Caused by the water mold pathogen Phytophthora ramorum, sudden oak death (SOD) is killing California coast live oak, black oak, Shreve's oak, canyon live oak and tanoak trees throughout coastal California and Oregon. During the past decade, the pathogen has killed more than one million oak and tanoak trees.
P. ramorum infections on oaks originally were called “sudden oak death” because of the rapid (2 to 4 week) browning of leaves without an apparent, prolonged period of visible decline. The pathogen spreads with moist winds, accumulation in stream water, soil moisture, and by moving infected vegetation and soil, including material accidentally carried by shoes and tires.
The pathogen also infects other species like California bay trees and coastal redwoods, which often act as carriers, spreading the spores from their leaves and needles. These diseased trees are more vulnerable to other pest organisms like fungi and bark beetles, which can kill them. SOD can cause shifts in plant species composition and declines in populations of animals that rely on oaks, such as black-tailed deer and acorn woodpecker. Dead and dying trees increase the risk of wildfire as they act as more fuel.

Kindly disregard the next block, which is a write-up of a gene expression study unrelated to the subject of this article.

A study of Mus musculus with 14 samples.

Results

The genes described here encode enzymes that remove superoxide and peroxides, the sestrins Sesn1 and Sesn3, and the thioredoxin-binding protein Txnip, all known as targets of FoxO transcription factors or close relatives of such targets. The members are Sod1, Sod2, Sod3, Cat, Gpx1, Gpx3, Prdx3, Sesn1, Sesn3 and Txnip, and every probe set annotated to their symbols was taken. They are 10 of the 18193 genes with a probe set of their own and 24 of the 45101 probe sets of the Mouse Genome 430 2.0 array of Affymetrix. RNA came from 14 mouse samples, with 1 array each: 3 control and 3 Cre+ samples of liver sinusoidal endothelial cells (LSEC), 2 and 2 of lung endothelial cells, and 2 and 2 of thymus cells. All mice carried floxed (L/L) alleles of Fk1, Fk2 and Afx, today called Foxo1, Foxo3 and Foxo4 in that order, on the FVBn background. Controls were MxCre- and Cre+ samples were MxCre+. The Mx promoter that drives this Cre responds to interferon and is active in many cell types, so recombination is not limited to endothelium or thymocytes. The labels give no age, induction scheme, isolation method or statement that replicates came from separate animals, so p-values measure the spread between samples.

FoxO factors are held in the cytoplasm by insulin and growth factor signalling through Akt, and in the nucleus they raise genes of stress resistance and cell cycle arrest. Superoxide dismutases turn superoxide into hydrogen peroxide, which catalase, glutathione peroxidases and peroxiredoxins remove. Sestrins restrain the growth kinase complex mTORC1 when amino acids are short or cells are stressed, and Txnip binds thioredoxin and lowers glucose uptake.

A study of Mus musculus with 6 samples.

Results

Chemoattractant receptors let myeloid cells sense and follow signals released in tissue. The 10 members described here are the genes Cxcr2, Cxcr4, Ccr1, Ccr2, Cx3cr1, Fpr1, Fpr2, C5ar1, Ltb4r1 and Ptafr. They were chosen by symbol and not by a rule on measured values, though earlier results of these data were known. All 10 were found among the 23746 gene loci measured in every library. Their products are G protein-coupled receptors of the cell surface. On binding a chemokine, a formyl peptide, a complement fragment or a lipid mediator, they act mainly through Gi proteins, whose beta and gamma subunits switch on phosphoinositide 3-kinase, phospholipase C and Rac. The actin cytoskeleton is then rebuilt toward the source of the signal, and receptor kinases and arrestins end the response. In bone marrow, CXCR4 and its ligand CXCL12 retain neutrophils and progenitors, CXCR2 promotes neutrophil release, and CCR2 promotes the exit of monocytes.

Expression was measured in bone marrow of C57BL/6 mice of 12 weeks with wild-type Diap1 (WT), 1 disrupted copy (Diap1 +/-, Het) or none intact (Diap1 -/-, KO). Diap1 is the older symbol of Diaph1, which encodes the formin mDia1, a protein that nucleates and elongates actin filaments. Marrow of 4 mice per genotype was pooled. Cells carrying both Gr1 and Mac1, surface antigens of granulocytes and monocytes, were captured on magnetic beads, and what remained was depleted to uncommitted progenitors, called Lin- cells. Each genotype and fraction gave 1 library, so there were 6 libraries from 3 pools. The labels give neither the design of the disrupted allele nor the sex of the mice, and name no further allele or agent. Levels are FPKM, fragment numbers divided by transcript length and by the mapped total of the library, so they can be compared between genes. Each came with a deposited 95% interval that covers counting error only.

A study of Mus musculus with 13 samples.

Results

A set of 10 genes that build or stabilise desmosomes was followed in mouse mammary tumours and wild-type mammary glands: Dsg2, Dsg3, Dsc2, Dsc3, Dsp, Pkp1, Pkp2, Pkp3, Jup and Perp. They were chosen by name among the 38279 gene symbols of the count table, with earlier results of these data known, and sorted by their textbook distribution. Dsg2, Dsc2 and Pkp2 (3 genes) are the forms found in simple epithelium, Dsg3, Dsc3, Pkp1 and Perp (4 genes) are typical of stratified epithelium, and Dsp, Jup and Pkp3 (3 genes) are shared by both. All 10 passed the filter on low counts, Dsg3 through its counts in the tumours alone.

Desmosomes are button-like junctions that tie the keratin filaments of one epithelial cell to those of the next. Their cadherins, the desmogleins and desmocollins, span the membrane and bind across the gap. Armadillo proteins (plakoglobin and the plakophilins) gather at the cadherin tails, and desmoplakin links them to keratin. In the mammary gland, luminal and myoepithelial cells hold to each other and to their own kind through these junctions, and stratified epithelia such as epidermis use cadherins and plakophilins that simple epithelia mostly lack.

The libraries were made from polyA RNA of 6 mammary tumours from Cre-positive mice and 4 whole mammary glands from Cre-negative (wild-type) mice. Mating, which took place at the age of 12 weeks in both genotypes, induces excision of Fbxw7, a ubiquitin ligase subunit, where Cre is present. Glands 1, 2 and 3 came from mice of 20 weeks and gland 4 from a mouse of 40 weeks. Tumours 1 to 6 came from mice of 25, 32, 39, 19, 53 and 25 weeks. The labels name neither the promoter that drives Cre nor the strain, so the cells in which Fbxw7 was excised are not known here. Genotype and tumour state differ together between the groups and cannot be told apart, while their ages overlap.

Midpen first detected sudden oak death at Long Ridge Open Space Preserve in 2000. In 2005, Midpen committed $350,000 over 10 years to find ways to prevent and treat SOD by working to identify resistant trees, preventing infection of heritage trees and participating in collaborative research. In 2006, Midpen began working closely with the California Oak Mortality Task Force to achieve these goals. Midpen also partners with scientists on SOD research projects to better understand how to manage the preserves in light of this spreading disease.
To prevent the unintentional spread of sudden oak death, field and construction crews follow “clean practices” when working in infected areas to limit its spread into new areas.
Please note that Midpen may close certain trails during the rainy season to assist in controlling the spread of SOD.
What can I do?
Observe Trail Etiquette:
You can do your part by staying on trails, cleaning your shoes, pet’s paws and tires both before and after your visit to any preserve. Use the boot cleaning bristles that are available at trailheads.